For a solution in the dispute between Greece and the Former Yugoslav Republic of Macedonia (FYROM) to be possible, the name of Greece’s northern neighbour must not be a “vehicle for irredentism,” Alternate Foreign Minister George Katrougalos said on Saturday, appearing on an ERT public television programme.
In his interview, Katrougalos said that Athens wanted “a restoration of history; for the name that they have to be separate from the historicity of our Macedonia.”
“What we are negotiating is a name that will distinctly differentiate historic Greek Macedonia from the state of Skopje and will not serve as a vehicle for territorial ambitions against our own country, a vehicle of irredentism,” he said.
Focusing on the current debate over the issue, Katrougalos noted that there was optimism “for the first time in a long time” but “on no account a guaranteed solution.”
The minister acknowledged that such a negotiation would not be easy, given that FYROM had been building an identity around the disputed name for two or more generations, while noting that the Greek side bore a significant share of responsibility for this outcome.
Katrougalos said that a solution to the issue was needed in order to not perpetuate the current status quo, where more than 130 countries in the United Nations had adopted the name chosen by FYROM. “If we do not do anything now, the name will remain perpetually,” he said. It was in Greece’s interests to restore historical truth so that there were no areas of friction but stability in the region, he added.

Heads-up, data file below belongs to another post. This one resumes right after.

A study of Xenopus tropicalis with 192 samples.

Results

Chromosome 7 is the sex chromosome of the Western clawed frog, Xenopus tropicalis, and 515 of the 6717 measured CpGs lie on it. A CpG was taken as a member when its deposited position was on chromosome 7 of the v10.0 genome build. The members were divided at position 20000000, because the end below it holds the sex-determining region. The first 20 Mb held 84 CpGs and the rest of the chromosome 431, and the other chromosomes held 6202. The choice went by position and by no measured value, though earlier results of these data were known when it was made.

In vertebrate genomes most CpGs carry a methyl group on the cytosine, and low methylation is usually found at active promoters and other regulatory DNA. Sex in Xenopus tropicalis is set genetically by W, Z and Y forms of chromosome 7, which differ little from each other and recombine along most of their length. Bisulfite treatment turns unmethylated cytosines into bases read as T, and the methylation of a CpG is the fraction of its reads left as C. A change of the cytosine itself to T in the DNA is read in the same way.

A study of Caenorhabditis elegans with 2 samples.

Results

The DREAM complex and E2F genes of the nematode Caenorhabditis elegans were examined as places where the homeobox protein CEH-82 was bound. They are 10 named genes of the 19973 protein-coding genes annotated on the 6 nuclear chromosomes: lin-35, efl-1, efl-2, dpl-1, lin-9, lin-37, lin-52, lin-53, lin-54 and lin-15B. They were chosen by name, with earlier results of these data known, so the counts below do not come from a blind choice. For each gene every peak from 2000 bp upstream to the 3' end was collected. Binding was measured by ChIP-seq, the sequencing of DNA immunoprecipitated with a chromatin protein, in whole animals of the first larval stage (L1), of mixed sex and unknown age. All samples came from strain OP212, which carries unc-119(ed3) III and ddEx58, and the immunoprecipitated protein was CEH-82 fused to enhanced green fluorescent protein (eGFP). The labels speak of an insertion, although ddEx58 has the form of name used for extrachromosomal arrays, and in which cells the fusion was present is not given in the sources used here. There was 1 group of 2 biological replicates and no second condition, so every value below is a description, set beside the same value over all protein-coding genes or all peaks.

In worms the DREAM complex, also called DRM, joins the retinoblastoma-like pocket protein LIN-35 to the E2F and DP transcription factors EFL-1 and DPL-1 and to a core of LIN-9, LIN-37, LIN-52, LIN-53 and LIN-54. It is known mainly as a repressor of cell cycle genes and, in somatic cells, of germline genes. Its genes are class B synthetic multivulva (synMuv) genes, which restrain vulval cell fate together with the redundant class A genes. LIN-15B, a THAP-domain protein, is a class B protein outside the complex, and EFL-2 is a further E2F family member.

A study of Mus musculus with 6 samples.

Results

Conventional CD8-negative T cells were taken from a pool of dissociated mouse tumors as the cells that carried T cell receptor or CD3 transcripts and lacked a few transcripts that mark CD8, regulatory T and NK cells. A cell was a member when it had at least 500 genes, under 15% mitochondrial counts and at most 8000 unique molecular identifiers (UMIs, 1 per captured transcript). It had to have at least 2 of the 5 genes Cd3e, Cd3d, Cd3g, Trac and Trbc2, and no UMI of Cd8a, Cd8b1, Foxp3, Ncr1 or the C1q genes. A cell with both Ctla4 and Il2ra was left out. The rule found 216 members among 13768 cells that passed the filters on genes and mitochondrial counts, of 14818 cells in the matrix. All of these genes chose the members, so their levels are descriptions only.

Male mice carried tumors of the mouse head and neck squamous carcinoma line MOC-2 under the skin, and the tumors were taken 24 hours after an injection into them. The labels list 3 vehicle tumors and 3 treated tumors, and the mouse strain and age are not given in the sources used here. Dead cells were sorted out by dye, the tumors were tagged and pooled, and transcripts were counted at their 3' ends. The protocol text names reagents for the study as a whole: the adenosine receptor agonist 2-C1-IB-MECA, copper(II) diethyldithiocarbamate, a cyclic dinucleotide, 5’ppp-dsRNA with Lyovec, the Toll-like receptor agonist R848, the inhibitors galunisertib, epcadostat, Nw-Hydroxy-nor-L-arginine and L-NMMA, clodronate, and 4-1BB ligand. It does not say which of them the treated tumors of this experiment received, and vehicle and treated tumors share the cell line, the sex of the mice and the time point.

The next step in the resolution of the problem will be a meeting between the negotiators of Greece and FYROM with UN mediator Matthew Nimetz next Wednesday, Katrougalos said. He noted that the two sides had decided on a parallel process, during which political consultation on the level of foreign ministers and the corresponding foreign ministry teams will be accelerated while contacts under UN auspices continue.
When the government believes that it has arrived at a solution that is in Greece’s interests, the minister added, it will present this to parliament. He also expressed his conviction that such a solution will satisfy the government’s junior coalition partner, the Independent Greeks (ANEL).
Katrougalos criticised main opposition New Democracy for adopting “double standards” on this issue and, with respect to positions expressed by the Church of Greece, called for respect of the separate roles of Church and State. “We count on the Church of Greece as a force in society, making it absolutely clear that foreign policy is the responsibility of governments and the state, not the Church,” he said.